Beauty Rising From the Ash Forest in Crisis

Professor, Staff, Undergrad Collaborate on Photo Exhibit Documenting Forests Being Decimated by Beetle

By Kimbra Cutlip

aerial view of forest

A lush ash forest stands at the confluence of the Nanticoke River and Marshyhope Creek on Maryland’s Eastern Shore. Already, however, the trees are being injured by the emerald ash borer, an invasive beetle that damages the trees (below), and can eventually kill them entirely (bottom).

Drone photo by Yazan Aboushi; other photos by Leslie Brice

At first glance, it’s a simple photograph of a man resting: Andrew Baldwin stands at the water’s edge surrounded by tall, bare trees and spindly undergrowth that bursts with spring-green leaves. He leans in his brown muck boot suspenders against a thick tree trunk.

But linger over the photo and notice that Baldwin appears weighed down in thought, his expression troubled, his hand tense and crimped by his side. The fleeting moment captures a scientist coming to grips with the destruction of a unique and wild forest.

The image of Baldwin, a wetland ecologist with the University of Maryland’s Department of Environmental Science and Technology (ENST), is featured in an exhibition at nearby Joe’s Movement Emporium that aims to raise awareness of the beauty and fragility of tidal ash forests—wild, inaccessible wetland ecosystems that are being destroyed by a tiny invasive beetle called the emerald ash borer.

“The Ash Forest Project” is the co-creation of photographer Leslie Brice, who is assistant director of UMD’s National Scholarships Office, and science journalist Gabriel Popkin. To capture drone imagery for the exhibit, the team worked with ENST major Yazan Aboushi ’22, a licensed drone pilot who has won awards for his environmental documentaries.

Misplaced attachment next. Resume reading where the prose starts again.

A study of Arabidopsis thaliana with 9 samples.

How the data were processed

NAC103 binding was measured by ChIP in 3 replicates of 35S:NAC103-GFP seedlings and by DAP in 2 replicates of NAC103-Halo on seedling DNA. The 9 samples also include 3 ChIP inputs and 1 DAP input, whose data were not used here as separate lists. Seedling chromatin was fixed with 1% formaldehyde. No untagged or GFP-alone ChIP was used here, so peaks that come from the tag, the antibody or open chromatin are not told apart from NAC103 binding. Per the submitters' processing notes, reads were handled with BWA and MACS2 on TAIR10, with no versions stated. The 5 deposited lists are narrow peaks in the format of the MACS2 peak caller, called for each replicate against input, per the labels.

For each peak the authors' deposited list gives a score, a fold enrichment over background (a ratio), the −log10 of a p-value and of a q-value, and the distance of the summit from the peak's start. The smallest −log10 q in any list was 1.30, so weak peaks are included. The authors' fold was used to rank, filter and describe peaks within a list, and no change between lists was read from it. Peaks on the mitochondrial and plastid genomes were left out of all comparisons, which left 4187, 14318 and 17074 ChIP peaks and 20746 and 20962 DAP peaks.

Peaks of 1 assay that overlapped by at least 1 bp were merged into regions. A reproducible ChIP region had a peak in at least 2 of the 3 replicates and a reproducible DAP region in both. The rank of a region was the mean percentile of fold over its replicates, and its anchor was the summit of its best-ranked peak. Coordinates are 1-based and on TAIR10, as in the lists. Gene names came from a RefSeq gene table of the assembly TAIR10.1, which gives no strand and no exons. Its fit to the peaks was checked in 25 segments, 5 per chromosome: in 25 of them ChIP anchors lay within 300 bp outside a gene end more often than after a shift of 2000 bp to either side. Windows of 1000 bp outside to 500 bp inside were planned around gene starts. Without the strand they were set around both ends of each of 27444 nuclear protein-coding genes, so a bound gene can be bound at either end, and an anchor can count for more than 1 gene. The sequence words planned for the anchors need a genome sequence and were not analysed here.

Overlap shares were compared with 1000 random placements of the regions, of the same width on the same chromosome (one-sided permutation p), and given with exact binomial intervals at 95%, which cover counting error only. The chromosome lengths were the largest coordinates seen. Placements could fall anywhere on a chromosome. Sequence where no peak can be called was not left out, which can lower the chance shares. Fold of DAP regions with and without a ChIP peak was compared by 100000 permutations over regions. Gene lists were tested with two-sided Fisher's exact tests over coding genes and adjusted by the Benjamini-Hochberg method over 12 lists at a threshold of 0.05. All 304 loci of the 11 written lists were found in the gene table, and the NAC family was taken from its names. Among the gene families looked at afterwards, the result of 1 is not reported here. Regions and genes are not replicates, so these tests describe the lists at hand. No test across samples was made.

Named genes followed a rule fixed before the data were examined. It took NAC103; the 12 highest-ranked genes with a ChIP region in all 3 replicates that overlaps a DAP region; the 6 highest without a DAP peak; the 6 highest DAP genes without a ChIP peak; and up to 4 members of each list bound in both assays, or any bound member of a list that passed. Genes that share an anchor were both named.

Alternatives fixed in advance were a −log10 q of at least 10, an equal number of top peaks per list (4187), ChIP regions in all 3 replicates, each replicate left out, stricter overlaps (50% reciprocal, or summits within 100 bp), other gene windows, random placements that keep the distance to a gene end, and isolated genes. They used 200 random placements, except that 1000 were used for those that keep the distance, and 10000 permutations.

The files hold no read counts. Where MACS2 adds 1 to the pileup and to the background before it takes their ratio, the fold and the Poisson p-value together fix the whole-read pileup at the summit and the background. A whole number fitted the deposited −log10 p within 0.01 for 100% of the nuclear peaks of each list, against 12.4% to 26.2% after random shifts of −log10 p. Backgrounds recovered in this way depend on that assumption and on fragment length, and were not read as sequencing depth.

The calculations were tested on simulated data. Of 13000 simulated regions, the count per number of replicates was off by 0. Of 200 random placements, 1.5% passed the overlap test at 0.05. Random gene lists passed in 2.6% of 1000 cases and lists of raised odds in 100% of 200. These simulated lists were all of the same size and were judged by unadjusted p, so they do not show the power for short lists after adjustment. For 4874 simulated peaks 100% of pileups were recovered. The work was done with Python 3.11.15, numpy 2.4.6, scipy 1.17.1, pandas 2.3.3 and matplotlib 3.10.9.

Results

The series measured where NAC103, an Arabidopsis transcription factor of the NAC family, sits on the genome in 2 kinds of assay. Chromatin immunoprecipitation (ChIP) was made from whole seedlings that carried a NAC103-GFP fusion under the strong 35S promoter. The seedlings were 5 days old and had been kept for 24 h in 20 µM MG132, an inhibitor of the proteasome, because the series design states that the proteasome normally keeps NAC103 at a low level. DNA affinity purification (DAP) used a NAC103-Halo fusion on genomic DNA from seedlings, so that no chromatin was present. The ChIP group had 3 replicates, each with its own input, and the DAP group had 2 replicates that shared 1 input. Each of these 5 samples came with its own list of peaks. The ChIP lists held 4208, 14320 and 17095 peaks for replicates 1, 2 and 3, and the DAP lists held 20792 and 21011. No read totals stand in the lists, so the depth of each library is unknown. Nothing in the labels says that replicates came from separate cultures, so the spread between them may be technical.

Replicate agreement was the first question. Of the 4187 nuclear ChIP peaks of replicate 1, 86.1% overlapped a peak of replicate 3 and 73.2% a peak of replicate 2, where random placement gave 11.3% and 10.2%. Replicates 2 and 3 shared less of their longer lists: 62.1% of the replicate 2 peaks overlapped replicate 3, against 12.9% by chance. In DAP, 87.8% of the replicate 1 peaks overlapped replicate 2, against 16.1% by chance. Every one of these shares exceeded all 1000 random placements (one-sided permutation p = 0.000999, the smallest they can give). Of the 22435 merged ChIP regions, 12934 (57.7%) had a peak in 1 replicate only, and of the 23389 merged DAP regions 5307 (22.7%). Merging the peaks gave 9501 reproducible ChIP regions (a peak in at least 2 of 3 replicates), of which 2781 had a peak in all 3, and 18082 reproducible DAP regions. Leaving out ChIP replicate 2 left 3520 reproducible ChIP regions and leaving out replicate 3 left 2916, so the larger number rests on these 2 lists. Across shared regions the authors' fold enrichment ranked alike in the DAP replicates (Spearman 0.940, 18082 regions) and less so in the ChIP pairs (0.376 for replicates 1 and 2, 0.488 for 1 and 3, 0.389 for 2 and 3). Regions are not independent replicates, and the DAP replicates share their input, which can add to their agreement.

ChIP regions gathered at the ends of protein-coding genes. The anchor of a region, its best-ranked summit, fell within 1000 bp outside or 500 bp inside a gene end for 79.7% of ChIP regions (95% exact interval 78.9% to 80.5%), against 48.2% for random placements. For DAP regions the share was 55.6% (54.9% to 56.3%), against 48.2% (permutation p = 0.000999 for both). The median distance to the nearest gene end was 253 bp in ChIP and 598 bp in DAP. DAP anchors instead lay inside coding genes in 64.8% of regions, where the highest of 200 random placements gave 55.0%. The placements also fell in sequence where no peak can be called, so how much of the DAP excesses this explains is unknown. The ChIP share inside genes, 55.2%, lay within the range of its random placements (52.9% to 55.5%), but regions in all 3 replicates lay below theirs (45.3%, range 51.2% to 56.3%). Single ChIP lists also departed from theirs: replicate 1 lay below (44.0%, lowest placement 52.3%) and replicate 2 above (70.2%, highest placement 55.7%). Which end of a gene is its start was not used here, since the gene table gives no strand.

damage from beetle on tree

“When this photo was taken, we hadn’t been to that site since the year before, and this was the first time we saw signs of ash borer,” said Baldwin, whose team is documenting the ecological changes resulting from ash borer infestations to preserve and possibly to restore the forests. “We could see the trees dying back and the canopy really opening up. I remember thinking, ‘Wow, this has really happened fast.’ I was sort of taken aback by it, and I guess I was just processing all that.”

Tidal wetland ash forests are strange and wondrous places. Submerged by freshwater twice a day, each tree supports a hummock of life at its base, a small island above the tide line. The inaccessibility of these drenched ecosystems has protected them from development, and they have remained largely unexplored oases in the heavily populated mid-Atlantic.

Some of Brice’s photos evoke the wonder of these forests, including an image of an insect perched on a leaf, its thin crimson body glittering between two deep green iridescent wings like a flash of Christmas bling. This is the paradoxically beautiful ash borer at the center of all the destruction.

“Two critical elements of photography are light and patience,” Brice said. “I have very little patience in general, but being in these wetlands, watching and waiting while the scientists took their measurements, has opened me up to a quiet observation that has helped me grow as a photographer.”

dead forest

Brice said the project, her first foray into science and nature photography, has also brought her a new awareness of her role in protecting the environment. “I try to be a good steward of my little space in the world, but I feel a much stronger sense of gratitude and awe, and a tremendous sense of responsibility that I didn't really fully understand before,” Brice said.

The collaboration brought a new perspective to Baldwin as well.

“As scientists, we’re documenting what’s happening, and it can seem sort of dry, and all about the data,” he said, “but when I see this whole effort that Leslie and Gabe did, I see this human, emotional side of it. You know we don’t always step back and take a moment to look at where we are, and think about the forest this way.”